07/17/2008 05:12 am ET | Updated May 25, 2011

Where Are the Economists?

So the markets tumble again. Forgive me for asking, but where are the economists? As the world approaches recession, an entire profession seems to have vanished into the mist, like conmen stuffed with cash and thousands left destitute behind. They said recessions were over. They told politicians to leave things to them and all would be fine. Yet they failed to spot the sub-prime housing crash, and now look at the mess.

When I studied economics we were told we would be masters of the universe. Ours was not a dismal but a noble science. It had harnessed the verities of maths to those of human behaviour and would go on to conquer politics. Rampant recession would go the way of hyper-inflation. Like leprosy and cholera they were epidemics that modern medicine had rid from our shores.

It did not matter if the economists were welfare Keynesians such as Myrdal, Robinson and Galbraith or free-marketeers such as Marshall, Friedman and the Institute for Economic Affairs. All were "social scientists". They claimed to have cracked the DNA of economic exchange, to have turned the base metal of money into political gold.

We believed them. We believed the Keynesians until they slumped into stagflation. We then believed light-regulation capitalists such as Ronald Reagan and Margaret Thatcher, that they could convert boom-bust into an upward sloping plane of glory. We believed the central banks when they said that, in their hands, inflation was dead and prosperity eternal. Bliss it was that dawn to be alive -- and an economist.

If we were now in the grip of bubonic plague, there would be all hell to pay from some profession or other. Politicians would summon public health officials and subject them to third degree. Why no national rat strategy? Why no crash inoculation? Why so many planning delays on plague pits?

The espionage pundits were likewise castigated for wrongly leading the nation to war against Iraq, for giving dud professional assessments on fallacious intelligence. The architectural profession has taken the rap (very occasionally) for the grotesque failures of public housing in the 1970s. Climate scientists may yet be damned for the costly lunacy of new energy sources, such as wind turbines and biofuels.

Yet economics is a Teflon profession. A quarter of a century ago 364 practitioners wrote a letter denouncing the policies of the then Thatcher government as "have no basis in economic theory." They were wrong in fact and wrong in judgment. Thatcher's policies laid the groundwork for a strategic shift in the underpinning of British prosperity. There was no inquiry, no hearing, no peep of retraction or remorse.

Since then economists have flooded into government. What do they all do? Economic managers have always claimed credit for past successes. They have espoused quantifiable outputs, targets, and delivery indicators. They invented the celebrity consultant and the maxim that only what measures matters.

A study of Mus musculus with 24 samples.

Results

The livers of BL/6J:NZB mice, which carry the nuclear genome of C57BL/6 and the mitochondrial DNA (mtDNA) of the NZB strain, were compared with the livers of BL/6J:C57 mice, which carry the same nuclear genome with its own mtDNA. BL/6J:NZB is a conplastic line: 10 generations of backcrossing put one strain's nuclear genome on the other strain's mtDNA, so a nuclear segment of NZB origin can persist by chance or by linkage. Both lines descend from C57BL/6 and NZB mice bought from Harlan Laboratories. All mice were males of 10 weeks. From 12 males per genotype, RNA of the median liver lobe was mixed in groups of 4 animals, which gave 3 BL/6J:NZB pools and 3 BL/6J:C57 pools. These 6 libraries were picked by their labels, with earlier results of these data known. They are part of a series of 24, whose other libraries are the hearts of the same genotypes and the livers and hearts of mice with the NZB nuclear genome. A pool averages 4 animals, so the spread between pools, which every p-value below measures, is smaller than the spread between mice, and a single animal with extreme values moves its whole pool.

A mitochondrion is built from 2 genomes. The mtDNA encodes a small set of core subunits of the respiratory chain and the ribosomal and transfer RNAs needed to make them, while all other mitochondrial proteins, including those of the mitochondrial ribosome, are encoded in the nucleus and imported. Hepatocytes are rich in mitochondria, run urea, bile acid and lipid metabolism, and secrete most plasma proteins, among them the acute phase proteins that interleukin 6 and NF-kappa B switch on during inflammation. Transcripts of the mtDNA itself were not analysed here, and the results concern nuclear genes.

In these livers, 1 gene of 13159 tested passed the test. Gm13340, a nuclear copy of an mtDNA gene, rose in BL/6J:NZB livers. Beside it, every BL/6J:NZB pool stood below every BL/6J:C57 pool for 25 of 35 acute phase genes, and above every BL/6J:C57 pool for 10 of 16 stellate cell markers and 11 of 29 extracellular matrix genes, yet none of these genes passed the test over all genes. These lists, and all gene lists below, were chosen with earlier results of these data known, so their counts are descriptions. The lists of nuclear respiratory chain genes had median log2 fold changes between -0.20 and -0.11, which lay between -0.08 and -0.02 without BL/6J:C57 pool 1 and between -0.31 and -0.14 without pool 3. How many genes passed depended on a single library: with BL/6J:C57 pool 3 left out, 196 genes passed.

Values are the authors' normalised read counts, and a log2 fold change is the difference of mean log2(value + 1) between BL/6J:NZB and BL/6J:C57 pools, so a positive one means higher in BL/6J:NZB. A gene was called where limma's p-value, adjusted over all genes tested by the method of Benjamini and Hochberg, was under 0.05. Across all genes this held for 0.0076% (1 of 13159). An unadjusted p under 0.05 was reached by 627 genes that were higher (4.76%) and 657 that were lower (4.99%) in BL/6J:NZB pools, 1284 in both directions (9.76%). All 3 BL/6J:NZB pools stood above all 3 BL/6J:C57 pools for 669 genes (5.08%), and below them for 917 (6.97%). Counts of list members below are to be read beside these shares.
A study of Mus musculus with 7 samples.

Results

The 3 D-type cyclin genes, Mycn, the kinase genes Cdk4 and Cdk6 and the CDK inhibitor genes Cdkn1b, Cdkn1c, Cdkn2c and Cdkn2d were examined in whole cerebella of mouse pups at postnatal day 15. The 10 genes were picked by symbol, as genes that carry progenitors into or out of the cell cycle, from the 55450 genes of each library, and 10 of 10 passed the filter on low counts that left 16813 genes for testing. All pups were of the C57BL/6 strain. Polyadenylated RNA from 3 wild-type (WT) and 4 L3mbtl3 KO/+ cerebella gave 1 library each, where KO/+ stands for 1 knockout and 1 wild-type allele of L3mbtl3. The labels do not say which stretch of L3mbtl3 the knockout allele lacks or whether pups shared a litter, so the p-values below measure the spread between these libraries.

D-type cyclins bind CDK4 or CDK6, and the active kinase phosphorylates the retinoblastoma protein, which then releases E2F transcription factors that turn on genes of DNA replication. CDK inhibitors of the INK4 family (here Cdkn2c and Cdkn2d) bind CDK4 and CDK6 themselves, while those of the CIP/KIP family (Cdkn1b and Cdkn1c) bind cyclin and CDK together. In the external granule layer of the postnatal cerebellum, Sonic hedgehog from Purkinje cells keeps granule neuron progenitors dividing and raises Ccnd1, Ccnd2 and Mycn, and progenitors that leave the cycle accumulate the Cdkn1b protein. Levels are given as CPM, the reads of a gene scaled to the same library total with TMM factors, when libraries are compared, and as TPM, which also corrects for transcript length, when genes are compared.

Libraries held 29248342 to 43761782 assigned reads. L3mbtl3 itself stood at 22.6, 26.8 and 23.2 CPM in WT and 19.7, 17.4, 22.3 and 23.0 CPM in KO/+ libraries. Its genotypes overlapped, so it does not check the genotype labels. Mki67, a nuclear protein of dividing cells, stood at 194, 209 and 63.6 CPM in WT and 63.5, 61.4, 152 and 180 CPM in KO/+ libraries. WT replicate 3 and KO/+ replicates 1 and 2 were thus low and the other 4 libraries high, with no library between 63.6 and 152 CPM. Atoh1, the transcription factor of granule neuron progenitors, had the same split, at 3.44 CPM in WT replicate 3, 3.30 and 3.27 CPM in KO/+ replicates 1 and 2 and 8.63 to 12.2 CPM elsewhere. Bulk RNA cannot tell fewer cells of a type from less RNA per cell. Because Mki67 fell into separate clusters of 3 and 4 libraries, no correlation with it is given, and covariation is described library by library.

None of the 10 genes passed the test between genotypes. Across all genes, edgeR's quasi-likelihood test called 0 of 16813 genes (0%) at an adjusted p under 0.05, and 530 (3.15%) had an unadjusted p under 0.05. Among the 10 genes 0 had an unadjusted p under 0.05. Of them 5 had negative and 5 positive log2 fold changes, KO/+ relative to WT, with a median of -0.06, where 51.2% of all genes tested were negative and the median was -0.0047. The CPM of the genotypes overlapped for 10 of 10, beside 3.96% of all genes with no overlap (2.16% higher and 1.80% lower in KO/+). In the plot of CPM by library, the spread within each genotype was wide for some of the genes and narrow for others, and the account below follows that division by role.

Today we are older and wiser. Controlling the agencies of credit has proved beyond the finest professional minds in the game. Where now the gilded ones of Moody's and Standard and Poor's, credit raters to the mightiest in the land? They should have stuck to goose entrails.

America's former Federal Reserve Board chief and Brown adviser, Alan Greenspan, is unrepentant. He recently declared simply that "anticipating the next financial malfunction... has not proved feasible." His blind faith in markets and competition is undimmed. There is nothing so unseeing as a wronged economist. The Bank of England's apologias over Northern Rock have been protests that regulation is a mess and government indecisive.

When muck hits fan, economists always blame politicians. They would have some justice if they did not take credit when things go right. I was always uncomfortable at the overselling of economics as a science, when it is rather a branch of psychology, a study of the peculiarities of human nature. Its spurious objectivity, manifest in its ridiculous love affair with maths, induced a "Jupiter complex", a conviction that scientific certainty applied with enough rigour to any problem triumphs over all.

Economic management is and always will be about politics, about the clash of needs and demands resolved through the constitutional process. The newest craze is "nudge" economics, from the Americans, Richard Thaler and Cass Sunstein. They put the subject firmly among the behavioural sciences -- if not the arts. Human actions are too mysterious and unpredictable to be liable to quantification and modelling. They are responsive to what the academic, Paul Ormerod, once called "butterfly economics". Nudge steers but does not order or plan.

This requires knowledge of the working of markets, incentives, expectations and panics. But converting micro-economics into macro has always been a dangerous game. Much has been made of the success of Spain's dirigiste banking regulators in putting security before runaway profit, and thus guarding its finances from shock. But this was a triumph of politics over economics. Greenspan may laconically remark that "we can never have a perfect model of risk," but we can have alertness to risk and we can have caution.

Economics has long traded on being a science when it is not. In this it is like war. Now it has met its Waterloo and a little humility would be in order. Once again economics must be rescued by that true master of all things, politics.